Drought devastates 2016 rooibos yield


SA’s worst drought in the past two decades is set to cause a devastating decline in Rooibos output next year, which could see the price of Rooibos rise by as much as 90%. 

With concerns mounting about the impact of climate change, Rooibos farmers have already been adapting processes - to minimum tillage and conservation agriculture to preserve moisture and humus in soil - but according to the SA Rooibos Council, this year’s impact has been off the charts.

Having received very little or no rainfall during the important planting months of July and August, Rooibos farmers in the Cederberg, Bokkeveld and other regions of the Western and Northern Cape are at their wits’ end.

Ernest du Toit, spokesperson for the SA Rooibos Council, says the 2016 harvest could be the worst in years.

“Although difficult to evaluate the true impact of the drought at this stage, we expect it to be significant. Output losses can only be quantified between January and May of next year, once the final volume of the harvest is known. Last year’s crop stood at 11 000 tons with total consumption at 15 000 tons.

The ongoing drought of the past few years had already diminished Rooibos reserves, but given its prolonged nature, the economic effect will potentially be even more severe.

“Exports will decrease as a result of supply constraints which will drive up the price of Rooibos, making it very expensive. As things stand, there will not be enough volume to service both the local and export demand, therefore processors would need to prioritise sales between local industry demands and exports.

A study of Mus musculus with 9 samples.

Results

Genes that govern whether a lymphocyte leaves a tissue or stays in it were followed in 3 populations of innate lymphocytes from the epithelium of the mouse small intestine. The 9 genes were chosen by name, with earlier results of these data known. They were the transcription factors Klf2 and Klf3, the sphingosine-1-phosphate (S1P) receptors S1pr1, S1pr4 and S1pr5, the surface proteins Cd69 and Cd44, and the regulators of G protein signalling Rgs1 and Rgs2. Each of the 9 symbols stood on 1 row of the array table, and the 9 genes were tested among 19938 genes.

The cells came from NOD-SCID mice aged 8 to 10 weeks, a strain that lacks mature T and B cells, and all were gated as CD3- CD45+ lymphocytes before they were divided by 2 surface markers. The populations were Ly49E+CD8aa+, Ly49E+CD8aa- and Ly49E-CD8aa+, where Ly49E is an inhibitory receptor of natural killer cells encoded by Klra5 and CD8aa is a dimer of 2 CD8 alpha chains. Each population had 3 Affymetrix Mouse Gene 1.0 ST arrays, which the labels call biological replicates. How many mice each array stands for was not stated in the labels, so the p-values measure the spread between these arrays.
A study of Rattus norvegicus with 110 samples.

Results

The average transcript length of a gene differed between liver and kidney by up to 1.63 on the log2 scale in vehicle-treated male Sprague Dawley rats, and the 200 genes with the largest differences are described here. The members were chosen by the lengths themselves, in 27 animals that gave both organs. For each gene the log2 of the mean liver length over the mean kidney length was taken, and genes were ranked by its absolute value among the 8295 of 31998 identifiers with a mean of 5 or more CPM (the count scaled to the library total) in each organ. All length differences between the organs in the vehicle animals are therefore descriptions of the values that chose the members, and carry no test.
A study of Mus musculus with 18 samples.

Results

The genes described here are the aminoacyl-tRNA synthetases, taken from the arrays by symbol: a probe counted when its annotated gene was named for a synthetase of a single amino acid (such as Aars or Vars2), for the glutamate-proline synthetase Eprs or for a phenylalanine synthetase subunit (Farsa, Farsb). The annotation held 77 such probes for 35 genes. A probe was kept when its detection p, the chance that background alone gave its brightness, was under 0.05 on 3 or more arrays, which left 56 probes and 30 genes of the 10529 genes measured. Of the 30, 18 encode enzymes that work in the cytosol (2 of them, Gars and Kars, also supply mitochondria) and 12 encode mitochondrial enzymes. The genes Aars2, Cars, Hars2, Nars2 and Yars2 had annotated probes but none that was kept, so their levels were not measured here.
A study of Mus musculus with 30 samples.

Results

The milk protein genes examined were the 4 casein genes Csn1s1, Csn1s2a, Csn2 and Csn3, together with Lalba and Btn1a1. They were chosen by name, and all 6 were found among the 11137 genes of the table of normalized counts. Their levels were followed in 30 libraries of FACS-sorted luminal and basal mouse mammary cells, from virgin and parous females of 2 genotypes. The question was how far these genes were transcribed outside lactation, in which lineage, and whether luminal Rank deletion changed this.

“Prioritisation decisions will be based on many factors, including exchange rate, product quality and suitability for export, product availability from suitably certified producers (RFA/UTZ) and so forth. In an extreme case government may even look to apply duties to exports to preserve the local industry,” says du Toit.

The expected poor Rooibos crop could also impact negatively on farm jobs and the communities that rely on the industry. Du Toit says less volume for harvest vs previous years would result in lower demand for harvesters since the harvesting process is still done by hand.

Rooibos traders are to ready themselves for a significant price increase next year, while consumers can expect to see a sharp rise in Rooibos shelf prices before mid-2016.